Friday, September 29, 2023

Medical Cannabis Can Help Mitigate Phobia Symptoms

Every person on planet earth is unique—with this individuality comes distinct tendencies and quarks in personalities. For the most part, these character traits should be celebrated, as originality in thought and action is what drives humankind forward. Nonetheless, due to a variety of influences—whether they be chemical or conditional—personality traits sometimes become pathological and evolve into phobias. Some researches feel that medical marijuana can help lessen the socially and physically debilitating effects of phobias.

Phobias manifest in the human mind in a variety of ways, but all phobias are characterized as “irrational fears” that are attached to particular circumstances, items, or concepts. Generally speaking, phobias manifest in the mind as extreme anxiety. To illustrate, a social phobia expresses itself as overwhelming fear and anxiety about social situations. Also, an example of a phobia about an object or circumstance would be an unreasonable dread concerning spiders or car accidents. There are no known medical treatments for phobias as the disorder is primarily psychological. However, therapists and psychologists can help those with phobias lessen their obsessive tendencies through “exposure therapy”.

Cannabis And Phobia Symptoms

The medical treatments for phobias are aimed directly at the disorder’s symptomatic manifestations in fear and anxiety. In terms of mainstream medicine, pharmaceuticals drugs with debilitating and addictive side-effects, like Xanax and Klonopin, are a mainstay in extreme phobia treatment. Needless to say, those suffering from phobias are in need of less-intrusive medications to help them function more comfortably their day-to-day lives—both socially and professionally.

There are some interesting medical theories into the potential benefits of THC for phobias. Specifically, studies conducted at the University of Michigan during 2013 posit that dronabinol, which a synthesized form of THC, could help treat symptoms of phobias—namely that of irrational fear. This hypothesis was formulated based-off past studies conducted on laboratory animals, in which these animals showed a reduction in fearful behavior with the administration of dronabinol.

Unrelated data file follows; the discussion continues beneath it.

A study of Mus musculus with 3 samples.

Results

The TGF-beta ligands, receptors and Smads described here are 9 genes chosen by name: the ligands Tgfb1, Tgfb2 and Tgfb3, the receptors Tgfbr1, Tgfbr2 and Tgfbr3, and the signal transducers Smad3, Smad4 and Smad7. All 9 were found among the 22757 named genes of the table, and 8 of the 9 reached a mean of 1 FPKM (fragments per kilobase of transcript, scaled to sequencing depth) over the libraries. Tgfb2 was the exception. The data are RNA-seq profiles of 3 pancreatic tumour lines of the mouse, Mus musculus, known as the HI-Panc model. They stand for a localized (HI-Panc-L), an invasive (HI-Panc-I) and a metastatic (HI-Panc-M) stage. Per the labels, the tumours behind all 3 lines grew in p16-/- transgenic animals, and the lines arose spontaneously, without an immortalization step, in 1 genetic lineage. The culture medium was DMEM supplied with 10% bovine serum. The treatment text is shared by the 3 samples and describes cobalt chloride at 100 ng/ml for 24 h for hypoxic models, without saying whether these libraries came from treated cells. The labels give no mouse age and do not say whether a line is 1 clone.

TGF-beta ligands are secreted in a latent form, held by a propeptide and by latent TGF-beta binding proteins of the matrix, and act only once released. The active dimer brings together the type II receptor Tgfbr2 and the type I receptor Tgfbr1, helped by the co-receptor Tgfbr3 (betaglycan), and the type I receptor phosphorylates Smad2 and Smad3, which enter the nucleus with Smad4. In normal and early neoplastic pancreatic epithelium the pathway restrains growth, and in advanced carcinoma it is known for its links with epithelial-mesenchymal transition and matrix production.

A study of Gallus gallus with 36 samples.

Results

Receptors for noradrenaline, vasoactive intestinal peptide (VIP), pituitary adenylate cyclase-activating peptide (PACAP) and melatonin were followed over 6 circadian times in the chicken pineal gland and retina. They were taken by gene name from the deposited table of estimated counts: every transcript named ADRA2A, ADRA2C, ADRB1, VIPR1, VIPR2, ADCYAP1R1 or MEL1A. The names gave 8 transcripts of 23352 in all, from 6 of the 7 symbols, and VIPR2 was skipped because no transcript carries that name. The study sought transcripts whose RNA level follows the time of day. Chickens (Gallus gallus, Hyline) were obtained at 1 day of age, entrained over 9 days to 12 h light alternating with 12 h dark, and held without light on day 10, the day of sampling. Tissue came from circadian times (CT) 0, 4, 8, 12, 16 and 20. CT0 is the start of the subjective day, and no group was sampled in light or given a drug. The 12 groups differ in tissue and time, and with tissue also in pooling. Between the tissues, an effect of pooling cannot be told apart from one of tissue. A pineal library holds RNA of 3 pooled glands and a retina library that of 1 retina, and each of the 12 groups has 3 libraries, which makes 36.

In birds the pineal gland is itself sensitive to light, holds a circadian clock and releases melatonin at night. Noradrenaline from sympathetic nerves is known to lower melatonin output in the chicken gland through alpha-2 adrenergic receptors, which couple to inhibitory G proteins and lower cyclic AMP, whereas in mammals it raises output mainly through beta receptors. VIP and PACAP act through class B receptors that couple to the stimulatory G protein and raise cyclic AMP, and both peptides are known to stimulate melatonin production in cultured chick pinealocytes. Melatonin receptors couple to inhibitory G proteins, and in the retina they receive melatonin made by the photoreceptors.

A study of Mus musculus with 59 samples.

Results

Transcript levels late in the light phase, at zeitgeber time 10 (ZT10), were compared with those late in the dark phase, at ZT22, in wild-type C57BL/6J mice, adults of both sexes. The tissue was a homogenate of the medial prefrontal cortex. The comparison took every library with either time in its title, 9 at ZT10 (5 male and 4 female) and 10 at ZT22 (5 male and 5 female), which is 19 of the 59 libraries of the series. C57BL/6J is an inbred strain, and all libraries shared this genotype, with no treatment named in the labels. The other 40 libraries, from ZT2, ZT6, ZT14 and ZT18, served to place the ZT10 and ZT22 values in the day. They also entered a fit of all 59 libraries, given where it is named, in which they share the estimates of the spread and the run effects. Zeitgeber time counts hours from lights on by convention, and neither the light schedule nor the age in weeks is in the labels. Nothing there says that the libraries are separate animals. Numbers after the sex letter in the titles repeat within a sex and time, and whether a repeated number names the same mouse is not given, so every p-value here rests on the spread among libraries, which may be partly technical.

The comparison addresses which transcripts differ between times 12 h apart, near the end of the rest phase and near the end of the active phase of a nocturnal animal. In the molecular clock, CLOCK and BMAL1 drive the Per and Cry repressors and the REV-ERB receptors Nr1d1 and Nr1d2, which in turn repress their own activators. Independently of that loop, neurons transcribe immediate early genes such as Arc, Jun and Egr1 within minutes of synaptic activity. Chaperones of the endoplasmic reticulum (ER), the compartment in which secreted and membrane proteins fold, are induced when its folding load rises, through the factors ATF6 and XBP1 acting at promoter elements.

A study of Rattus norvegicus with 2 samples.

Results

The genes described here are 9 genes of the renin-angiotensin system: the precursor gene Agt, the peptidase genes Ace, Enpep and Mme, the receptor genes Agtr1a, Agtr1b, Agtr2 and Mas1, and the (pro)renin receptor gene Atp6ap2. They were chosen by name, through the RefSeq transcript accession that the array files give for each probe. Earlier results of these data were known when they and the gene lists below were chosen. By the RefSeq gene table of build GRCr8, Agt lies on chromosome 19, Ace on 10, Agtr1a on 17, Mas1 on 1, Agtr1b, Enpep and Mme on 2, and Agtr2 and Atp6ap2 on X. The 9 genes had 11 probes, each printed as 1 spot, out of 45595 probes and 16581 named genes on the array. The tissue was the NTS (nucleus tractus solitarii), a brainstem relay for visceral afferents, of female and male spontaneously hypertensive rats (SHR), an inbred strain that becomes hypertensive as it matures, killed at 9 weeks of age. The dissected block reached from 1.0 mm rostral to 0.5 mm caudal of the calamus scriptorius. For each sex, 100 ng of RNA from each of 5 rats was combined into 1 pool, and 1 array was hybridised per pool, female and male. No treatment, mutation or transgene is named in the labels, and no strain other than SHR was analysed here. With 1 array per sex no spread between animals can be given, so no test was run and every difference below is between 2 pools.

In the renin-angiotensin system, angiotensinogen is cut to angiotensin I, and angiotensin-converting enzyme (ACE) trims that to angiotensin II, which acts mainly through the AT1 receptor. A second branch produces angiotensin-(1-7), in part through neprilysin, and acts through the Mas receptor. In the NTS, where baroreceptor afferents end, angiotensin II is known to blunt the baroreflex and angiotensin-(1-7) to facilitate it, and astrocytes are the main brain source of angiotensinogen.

The researchers at the University of Michigan conducted a rather interesting study into fear responses in human beings and the use of dronabinol. The program was based on “skin conductance,” which is a method of measuring fear in a human subject through electrical conductivity of one’s skin as related to sweat secretion. The crux of this methodology is that the more one sweats, the greater the amount of fear is present in their minds. The research team generated fear reactions in the study group by way of “classical conditioning,” in which they created a psychological association with pre-disposed phobias by way of a formulated stimuli, such as flashing lights. These formulated stimuli triggered the psychological and physical reactions of phobia created fear in participants. Interestingly enough, upon administering the drabinol to the test group in a placebo controlled experiment, reports showed that those who received the synthetic THC compound perspired less—or were less fearful—than those who did not. Point being, if the University of Michigan’s theories concerning classical conditioning and skin conductance are correct, they could be making some headway into discovering a natural medication for extreme phobia symptoms.